Beauregard joins the Pacific Coast Business Times as Field Representative

SPECIAL REPORT | Feb. 12-18, 2016

By: Henry Dubroff

Like so many things in life today, our story begins with a blog post.

One day last winter, Marketing Director Jennifer Carusa walked into Publisher Linda le Brock’s office and told her that we needed a mascot. Her reason was that she had just read an article on a blog that was called: “How to Make Work Not Suck.” Having an office mascot was on the list.

We started a voting process with a number of animals that included a condor, a gorilla and a fox. The fox won. Cuteness was the main criterion for winning.

Around the same time, the publisher and Editor Henry Dubroff were invited to a meeting with execs from the Santa Barbara Zoo. Over ham sandwiches and giant cookies served in the boardroom, the Zoo brass explained that they wanted ideas on how to best connect to the business community.

We talked about a joint marketing project and we shared the story of our chosen and duly elected mascot. And they told us about Beau. Beau was a Channel Islands fox abandoned as a pup on San Clemente Island. Found by the Navy as a one-pound ball of fur, he was nursed back to health by the sailors.

But after a number of months of scrambling around and basically peeing on everything in sight, the Navy realized that Beau was a bit unruly to keep as a pet. We instantly liked the unruly part of Beau and there was a groundswell of support for bringing him on as our mascot.

It turns out, the Zoo had a Foster Feeder Program that, while successful in working with individual wealthy donors, could easily be extended to the corporate world for much more participation. We worked out a deal that gave us the exclusive right to take photos of Beau for our circulation and event marketing. We formally “adopted” Beau as part of the Foster Feeder Program.

We then got to have the whole Biz Times team come out to visit and meet Beau. We saw him scamper up and down in his leafy habitat and we met him in a secure feeding area. Timing was a bit tricky. The meeting had to be postponed a few times because it was mating season and the Zoo professional staff thought Beau might be too frisky for a visit.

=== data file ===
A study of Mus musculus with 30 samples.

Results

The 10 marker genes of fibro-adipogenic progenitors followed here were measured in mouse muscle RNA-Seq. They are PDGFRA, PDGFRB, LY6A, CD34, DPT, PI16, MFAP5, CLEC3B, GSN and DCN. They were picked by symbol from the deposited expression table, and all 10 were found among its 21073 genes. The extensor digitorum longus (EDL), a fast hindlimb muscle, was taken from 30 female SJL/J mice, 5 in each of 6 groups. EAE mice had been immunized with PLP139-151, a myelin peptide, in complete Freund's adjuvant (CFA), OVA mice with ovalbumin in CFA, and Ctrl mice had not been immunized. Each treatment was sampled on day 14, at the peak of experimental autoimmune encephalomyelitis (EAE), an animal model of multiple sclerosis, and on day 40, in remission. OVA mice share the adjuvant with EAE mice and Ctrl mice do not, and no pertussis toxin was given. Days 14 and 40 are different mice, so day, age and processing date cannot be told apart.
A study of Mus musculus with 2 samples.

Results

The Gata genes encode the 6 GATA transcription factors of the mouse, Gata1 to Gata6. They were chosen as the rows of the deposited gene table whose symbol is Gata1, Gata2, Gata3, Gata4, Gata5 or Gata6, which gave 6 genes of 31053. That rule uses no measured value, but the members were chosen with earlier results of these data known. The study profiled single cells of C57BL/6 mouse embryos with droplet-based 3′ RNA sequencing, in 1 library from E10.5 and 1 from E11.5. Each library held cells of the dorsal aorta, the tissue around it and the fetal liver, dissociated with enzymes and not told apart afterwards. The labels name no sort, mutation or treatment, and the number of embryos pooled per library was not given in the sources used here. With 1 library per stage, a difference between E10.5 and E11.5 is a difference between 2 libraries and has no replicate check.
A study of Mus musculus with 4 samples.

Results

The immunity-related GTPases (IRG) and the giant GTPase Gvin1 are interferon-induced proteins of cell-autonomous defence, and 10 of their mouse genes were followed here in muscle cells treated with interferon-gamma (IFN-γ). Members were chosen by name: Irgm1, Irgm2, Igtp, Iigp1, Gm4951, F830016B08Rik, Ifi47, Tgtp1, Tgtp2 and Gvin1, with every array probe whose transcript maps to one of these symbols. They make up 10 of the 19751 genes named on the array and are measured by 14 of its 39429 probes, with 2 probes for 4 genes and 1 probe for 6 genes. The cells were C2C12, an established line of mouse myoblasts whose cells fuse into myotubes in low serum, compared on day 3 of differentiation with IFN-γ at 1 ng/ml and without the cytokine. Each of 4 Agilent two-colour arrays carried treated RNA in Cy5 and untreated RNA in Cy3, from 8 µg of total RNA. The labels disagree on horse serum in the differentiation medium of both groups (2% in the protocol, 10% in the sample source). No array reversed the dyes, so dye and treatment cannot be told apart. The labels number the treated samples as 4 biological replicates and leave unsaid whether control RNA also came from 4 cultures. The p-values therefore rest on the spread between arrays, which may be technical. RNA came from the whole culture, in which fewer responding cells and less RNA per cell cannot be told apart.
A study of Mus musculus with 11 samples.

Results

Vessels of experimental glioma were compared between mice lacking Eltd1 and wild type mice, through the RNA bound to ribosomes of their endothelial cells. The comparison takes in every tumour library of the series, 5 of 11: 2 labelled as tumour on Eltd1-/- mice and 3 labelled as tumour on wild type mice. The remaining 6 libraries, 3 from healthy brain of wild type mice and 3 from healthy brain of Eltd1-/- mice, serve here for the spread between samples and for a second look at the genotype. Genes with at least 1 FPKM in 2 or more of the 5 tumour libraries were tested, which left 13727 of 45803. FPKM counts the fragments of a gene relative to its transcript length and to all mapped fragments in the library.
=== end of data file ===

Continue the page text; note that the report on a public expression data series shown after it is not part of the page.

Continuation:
We did finally did visit and our photographer, Nik Blaskovich, took some great shots. Still frisky, a few staff came away with stained trousers. But the cleaning bill was manageable.

Next up was the marketing push. We began with a subscription promotion. The Zoo offered $10 off a Zoo visit, plus four train tickets for anyone subscribing or renewing their subscription to the Business Times. We used the photos Nik took of Beau and created an e-blast and social media campaign to promote this special.

We sold a number of subscriptions but as Beau’s image went viral, the Zoo benefited too. Montecito Bank & Trust got in on the action and adopted through the Foster Feeder Program two baby penguins.

Then one day while we were waiting for the news department to finish proofing our weekly print edition, we were really bored and hanging out on LinkedIn. We thought it might be cool to create a page for Beau. He was signed on as “Field Representative” of the Business Times and, with a bit of creative wordsmithing, he had a pretty cool resume, a list of connections and a number of updates.

Beau continues to be marketing gold for the Business Times as Graphic Designer Cory Yniguez has found new ways to use his image to market our special reports and events as well as subscriptions.

Indeed, work does not suck.

• The Pacific Coast Business Times supports the Santa Barbara Zoo as a Channel Island Fox Foster Feeder. When you become a Foster Feeder you’ll be helping the Santa Barbara Zoo provide a healthy, nutritionally balanced diet for all of the animals! Click here to sponsor an animal today!